Winnipeg mayoral candidate Gord Steeves vowed Friday to prevent elected officials from announcing infrastructure goodies in future election years.
On Friday, the lawyer and former city councillor promised to freeze spending on infrastructure projects that are not already vetted by city administrators and approved in the city's future spending plans.
Steeves said if he's elected mayor on Oct. 22, he'd enact a five-year freeze on spending on any project that isn't already approved by city council -- with the exception of those paid for in part by the federal or provincial governments.
"All infrastructure not included in the presently approved council budget will not be brought forward without a life-cycle cost business case," Steeves said.
His infrastructure promises also included a pledge to speed up regional road-renewal projects by ensuring 75 per cent of them are worked on during evenings and weekends.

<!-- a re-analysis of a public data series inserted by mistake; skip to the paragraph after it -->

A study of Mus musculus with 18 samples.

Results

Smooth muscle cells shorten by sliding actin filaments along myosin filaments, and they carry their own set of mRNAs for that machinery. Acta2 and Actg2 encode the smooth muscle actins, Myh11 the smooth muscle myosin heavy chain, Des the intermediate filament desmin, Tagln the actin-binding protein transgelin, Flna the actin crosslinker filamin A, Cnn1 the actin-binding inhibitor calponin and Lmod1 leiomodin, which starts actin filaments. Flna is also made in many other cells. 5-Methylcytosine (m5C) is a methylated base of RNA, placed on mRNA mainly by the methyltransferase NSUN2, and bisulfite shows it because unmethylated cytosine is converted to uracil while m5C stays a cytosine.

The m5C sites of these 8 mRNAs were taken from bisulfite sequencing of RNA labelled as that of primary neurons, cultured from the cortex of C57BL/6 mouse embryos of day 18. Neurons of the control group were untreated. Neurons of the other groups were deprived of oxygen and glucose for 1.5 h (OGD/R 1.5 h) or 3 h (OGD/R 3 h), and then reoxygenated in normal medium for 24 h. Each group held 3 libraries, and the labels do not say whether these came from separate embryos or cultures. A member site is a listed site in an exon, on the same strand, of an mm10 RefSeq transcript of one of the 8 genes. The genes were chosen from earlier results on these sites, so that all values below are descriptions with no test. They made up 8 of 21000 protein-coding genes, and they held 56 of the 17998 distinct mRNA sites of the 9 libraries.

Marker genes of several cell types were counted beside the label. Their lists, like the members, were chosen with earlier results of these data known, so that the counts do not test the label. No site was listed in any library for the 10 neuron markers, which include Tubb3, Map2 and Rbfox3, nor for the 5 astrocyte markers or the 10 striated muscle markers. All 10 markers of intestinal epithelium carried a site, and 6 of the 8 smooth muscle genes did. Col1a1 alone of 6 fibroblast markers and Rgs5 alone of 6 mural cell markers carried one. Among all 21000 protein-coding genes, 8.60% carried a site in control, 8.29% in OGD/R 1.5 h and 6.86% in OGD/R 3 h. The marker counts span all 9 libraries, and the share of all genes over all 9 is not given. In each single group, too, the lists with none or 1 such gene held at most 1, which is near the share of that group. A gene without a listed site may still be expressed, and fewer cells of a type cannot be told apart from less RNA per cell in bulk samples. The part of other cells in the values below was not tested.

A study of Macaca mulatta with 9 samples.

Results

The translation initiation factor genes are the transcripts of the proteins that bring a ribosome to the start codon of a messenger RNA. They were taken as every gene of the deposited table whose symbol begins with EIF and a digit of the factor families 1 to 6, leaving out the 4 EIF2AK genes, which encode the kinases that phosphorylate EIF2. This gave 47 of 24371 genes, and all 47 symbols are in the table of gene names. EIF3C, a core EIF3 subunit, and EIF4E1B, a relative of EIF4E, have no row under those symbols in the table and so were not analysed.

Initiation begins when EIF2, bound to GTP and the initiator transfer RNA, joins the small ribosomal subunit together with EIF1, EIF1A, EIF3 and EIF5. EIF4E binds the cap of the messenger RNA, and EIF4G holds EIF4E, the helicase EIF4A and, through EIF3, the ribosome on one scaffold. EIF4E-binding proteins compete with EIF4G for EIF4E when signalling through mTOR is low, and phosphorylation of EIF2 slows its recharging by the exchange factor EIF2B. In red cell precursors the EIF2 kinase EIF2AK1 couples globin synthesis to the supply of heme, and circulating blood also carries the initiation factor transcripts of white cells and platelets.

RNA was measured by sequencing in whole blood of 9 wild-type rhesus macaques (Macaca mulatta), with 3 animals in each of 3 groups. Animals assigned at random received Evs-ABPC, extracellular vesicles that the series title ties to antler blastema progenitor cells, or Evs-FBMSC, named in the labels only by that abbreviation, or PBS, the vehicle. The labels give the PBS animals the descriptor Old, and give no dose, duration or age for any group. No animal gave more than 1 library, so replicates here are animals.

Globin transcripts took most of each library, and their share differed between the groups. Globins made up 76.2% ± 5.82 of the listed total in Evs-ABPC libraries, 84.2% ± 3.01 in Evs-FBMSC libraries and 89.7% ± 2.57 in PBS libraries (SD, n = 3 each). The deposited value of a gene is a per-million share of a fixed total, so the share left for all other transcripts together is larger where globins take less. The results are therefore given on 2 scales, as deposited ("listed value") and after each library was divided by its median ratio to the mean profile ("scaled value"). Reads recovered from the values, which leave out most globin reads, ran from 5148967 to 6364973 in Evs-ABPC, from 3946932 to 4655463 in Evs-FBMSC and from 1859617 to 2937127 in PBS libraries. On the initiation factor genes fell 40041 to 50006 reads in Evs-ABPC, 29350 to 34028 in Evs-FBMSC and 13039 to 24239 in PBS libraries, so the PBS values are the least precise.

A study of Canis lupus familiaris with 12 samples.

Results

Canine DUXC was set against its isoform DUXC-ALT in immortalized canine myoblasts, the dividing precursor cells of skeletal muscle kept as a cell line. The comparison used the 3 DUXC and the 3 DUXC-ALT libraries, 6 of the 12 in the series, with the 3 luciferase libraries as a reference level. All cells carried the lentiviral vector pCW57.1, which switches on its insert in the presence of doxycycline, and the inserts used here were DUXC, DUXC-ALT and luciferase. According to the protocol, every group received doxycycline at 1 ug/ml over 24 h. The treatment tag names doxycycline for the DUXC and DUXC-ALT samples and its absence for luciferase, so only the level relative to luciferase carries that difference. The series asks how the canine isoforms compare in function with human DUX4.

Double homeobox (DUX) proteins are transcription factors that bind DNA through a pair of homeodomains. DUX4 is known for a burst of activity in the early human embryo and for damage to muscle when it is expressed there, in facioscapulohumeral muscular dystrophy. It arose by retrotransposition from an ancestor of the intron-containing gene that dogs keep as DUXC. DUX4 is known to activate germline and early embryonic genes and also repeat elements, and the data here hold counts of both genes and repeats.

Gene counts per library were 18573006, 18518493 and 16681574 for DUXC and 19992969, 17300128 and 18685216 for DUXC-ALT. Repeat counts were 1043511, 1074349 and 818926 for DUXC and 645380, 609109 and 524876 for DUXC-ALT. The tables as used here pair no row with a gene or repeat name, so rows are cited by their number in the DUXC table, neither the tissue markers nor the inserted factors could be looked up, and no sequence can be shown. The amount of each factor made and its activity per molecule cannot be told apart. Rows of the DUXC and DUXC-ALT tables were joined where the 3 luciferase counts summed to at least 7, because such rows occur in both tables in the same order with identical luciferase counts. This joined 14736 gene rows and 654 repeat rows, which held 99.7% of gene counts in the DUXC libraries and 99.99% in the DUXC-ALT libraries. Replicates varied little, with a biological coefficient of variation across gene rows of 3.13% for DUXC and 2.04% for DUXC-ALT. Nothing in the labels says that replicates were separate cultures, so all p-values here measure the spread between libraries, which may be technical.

This pledge has been made by elected officials in Winnipeg before, starting with St. James-Brooklands Coun. Scott Fielding in 2006.
Since then, council has tried and largely failed to direct the public works department to do more road repairs after business hours for years.
The resistance is partly due to safety concerns associated with work after dark and partly due to the limited capacity of the local construction industry.
Steeves said he could help improve this capacity by ensuring capital projects are tendered earlier -- something fellow mayoral candidate Paula Havixbeck also pledged to do in May.
Steeves also promised to commit $421,000 to a two-week pothole-repair blitz and create a working group with Ottawa and Broadway to better align infrastructure-funding priorities.
In other election news, Cindy Gilroy -- a former school trustee and assistant to NDP cabinet minister Kevin Chief -- registered as a council candidate in Daniel McIntyre.
This sets up a 2010 election rematch with NDP-affiliated Winnipeg Folk Festival employee Keith Bellamy and incumbent Harvey Smith, who has yet to register.